Friday Flyer - February 12, 2021
Missed us? The new Friday Flyer assigned frequency of 8 x 10-7 Hz (in the Way-Long-Wave 4 x 1015 m band) on the newsletter spectrum means we have been away from your desk for two weeks. Our next flyer will come out on February 26.
Spotlight on International Masterclasses
Unless you live on Mars, you know, of course, about International Masterclasses (IMC) in particle physics.* IMC 2021 started this past Wednesday with special masterclasses hosted online by CERN for the International Day of Women and Girls in Science; see our Resources section below for more. And so far, so good!
Masterclasses are a bit different this year, as most are being held remotely via Zoom or other online tools. The videoconferences are on Zoom as well but in webinar form, since most students will connect directly from their own computers. Videoconferences from CERN encompass all the LHC experiments while Fermilab focuses on CMS, ATLAS, and the MINERvA neutrino experiment. GSI Darmstadt runs Particle Therapy masterclasses and KEK takes on Belle II. TRIUMF also has one ATLAS videocon per year for (mostly) institutes in British Columbia. You can find the websites of all of these masterclasses at the IMC homepage. (Cool note: The CMS masterclass website now resides on the QuarkNet server at Notre Dame.)
Is it too late to join in? Well, just about. CERN videocons have already started, but Fermilab starts up next Wednesday, February 17, so you might still squeeze in. Consult the Fermilab videocon schedule and pick one existing ATLAS, CMS, or MINERvA videocon that you want your student group to join. Then e-mail Ken by the end of the day on Tuesday, February 16, with that one date and time. We'll try to get you squared away!
To get the whole skinny on doing a masterclass with your students, from Orientation soup to Videocon nuts, go to the MASTERCLASSES button on this site and then choose either LHC Project Map or Neutrino Project Map.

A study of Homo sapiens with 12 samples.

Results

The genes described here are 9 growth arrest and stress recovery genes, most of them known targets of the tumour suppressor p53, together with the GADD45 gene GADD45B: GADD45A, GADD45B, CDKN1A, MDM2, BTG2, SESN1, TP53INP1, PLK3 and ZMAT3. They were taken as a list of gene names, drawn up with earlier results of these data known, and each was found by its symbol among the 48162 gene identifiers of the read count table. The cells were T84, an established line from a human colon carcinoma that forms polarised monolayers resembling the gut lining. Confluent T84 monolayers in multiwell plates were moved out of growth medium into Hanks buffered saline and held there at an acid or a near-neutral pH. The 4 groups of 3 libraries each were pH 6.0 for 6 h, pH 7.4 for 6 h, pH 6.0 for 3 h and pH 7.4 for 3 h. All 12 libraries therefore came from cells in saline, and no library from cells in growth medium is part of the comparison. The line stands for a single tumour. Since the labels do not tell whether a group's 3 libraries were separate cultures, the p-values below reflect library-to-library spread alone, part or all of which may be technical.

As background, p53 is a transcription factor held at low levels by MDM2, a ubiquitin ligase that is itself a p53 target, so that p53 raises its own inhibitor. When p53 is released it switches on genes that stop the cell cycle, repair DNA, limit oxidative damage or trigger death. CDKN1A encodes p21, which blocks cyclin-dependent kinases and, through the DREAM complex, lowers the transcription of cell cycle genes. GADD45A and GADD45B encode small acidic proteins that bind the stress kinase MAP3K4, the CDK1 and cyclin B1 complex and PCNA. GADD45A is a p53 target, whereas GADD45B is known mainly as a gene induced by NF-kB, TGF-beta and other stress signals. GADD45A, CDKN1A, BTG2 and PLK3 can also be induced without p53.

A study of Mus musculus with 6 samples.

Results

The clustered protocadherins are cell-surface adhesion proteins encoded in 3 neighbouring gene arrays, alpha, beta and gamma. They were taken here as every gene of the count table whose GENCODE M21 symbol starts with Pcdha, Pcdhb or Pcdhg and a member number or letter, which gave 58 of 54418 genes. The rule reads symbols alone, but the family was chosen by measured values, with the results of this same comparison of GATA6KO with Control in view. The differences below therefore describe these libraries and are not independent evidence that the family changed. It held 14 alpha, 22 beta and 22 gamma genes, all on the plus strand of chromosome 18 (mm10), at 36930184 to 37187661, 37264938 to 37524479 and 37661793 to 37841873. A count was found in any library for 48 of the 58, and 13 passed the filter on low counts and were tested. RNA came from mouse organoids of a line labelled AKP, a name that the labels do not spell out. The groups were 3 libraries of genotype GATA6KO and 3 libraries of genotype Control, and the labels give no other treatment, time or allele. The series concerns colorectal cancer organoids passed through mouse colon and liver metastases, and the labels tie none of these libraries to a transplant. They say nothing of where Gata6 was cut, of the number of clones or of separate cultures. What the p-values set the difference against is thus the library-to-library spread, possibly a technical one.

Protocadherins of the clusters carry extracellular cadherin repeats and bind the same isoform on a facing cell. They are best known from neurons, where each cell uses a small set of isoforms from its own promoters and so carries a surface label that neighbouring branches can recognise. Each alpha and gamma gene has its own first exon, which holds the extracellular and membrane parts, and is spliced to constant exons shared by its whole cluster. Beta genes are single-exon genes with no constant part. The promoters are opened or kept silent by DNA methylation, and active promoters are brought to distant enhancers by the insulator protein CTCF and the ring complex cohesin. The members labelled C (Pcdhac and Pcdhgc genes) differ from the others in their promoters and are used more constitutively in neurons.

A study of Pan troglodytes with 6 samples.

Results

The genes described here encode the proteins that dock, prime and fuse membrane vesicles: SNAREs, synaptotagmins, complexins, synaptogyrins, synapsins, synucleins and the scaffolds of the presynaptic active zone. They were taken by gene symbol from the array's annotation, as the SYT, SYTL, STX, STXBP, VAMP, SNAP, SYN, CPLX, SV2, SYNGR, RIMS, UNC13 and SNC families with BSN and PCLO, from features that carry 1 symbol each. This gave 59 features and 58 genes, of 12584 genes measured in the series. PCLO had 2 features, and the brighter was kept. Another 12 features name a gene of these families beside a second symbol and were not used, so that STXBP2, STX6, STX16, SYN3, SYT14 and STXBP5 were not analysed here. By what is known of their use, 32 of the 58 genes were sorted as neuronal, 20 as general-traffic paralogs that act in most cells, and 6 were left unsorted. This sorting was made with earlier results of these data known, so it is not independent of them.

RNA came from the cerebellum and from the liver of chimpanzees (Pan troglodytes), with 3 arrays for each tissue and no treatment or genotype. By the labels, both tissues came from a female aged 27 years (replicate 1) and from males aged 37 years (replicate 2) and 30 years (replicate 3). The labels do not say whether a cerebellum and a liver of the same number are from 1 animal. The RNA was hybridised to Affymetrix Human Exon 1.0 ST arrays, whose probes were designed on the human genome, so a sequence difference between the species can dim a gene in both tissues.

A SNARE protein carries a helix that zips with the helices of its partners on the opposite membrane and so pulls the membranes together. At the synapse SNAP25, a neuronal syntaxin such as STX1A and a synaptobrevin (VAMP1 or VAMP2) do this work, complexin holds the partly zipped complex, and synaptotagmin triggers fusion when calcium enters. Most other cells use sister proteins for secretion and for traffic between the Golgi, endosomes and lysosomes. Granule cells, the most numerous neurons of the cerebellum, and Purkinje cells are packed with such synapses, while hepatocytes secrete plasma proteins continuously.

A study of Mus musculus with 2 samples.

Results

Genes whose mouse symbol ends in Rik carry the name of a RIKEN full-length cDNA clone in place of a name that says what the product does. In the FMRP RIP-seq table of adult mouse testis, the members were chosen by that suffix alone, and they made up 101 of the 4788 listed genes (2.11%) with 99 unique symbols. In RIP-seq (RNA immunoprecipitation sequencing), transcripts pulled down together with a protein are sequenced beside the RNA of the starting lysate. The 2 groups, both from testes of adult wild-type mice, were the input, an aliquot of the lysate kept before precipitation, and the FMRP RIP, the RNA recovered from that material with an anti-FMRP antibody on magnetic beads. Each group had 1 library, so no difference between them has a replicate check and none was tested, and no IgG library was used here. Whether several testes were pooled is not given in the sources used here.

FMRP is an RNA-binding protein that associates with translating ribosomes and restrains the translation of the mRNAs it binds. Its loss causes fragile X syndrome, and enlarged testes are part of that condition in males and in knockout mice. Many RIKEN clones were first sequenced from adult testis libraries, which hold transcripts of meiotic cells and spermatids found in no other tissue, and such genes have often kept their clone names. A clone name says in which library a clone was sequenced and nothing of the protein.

*Actually, Arcadia Planitia may join IMC 2039.
News from QuarkNet Central
International Masterclasses? You bet! See above.
International Muon Week will take place in March this year, and it is possible for you and your students to participate even if you don't have access to a cosmic ray detector! Staff will collect data during the week of March 8–12, and the following week (March 15–19) participants can use the data to interact, discuss results, and ask questions via Zoom. Here's the 2021 IMW registration form. If you have any questions, please contact Mark.
The Fermilab virtual open house is still on through this weekend. With the expanded time frame, there will be events specifically geared toward teachers and their students. For more information and videos of open house events already completed, go to the open house event page.
QuarkNet Educational Discussions (QED) next meets on Wednesday, February 24, at 7 p.m. Central Time with special invited speaker Ken Olum of the Tufts Institute of Technology, who will speak on cosmic strings and gravitational waves. This meeting will also be a chance to meet some members of the Pulsar Search Collaboratory, a group that gets students involved in pulsar research.
Physics Experiment Roundup
We have interesting news via CERN Bulletin: On the forefront, ATLAS has found evidence of rare dilepton decays of Higgs and, on the applied side, CERN technology and collaborations are creating new possibilities in cancer therapy. Back to the cutting edge, this time with neutrinos, Fermilab News reports that the UK is building key components of DUNE. And that same source rounds out our roundup with robots on Mars.
This past Wednesday was the International Day of Women and Girls in Science (IDWGS), and there are two pieces of good news to go with it. The first is that, if you missed it, you did not really miss it because we have some great resources that came from the day that you can share with students. The other great news is that, through those resources, we meet some truly wonderful scientists. Fermilab gives us a recording of IDWGS women-in-science presentation as well as a page with four presentations by outstanding physicists. Perimenter Institute offers their own IDWGS web page and a recorded webinar.
And there is more. Fermilab News offers a minute with neutrino operations supervisor Ron Davis, and symmetry explains the concept of luminosity in particle accelerators. Finally, our friend Don Lincoln has a new video with a new look titled Does the Methuselah Star Disprove the Big Bang? Take a look and find out if it does!
Just for Fun
A big tip o' th' hat to Marge Bardeen for all the fun she has bestowed on FF in these two weeks: snakes on a plane (to determine μk) in the New York Times, a schematic Norse god on Twitter, and—wait for it—finally!—evidence of water on Mars.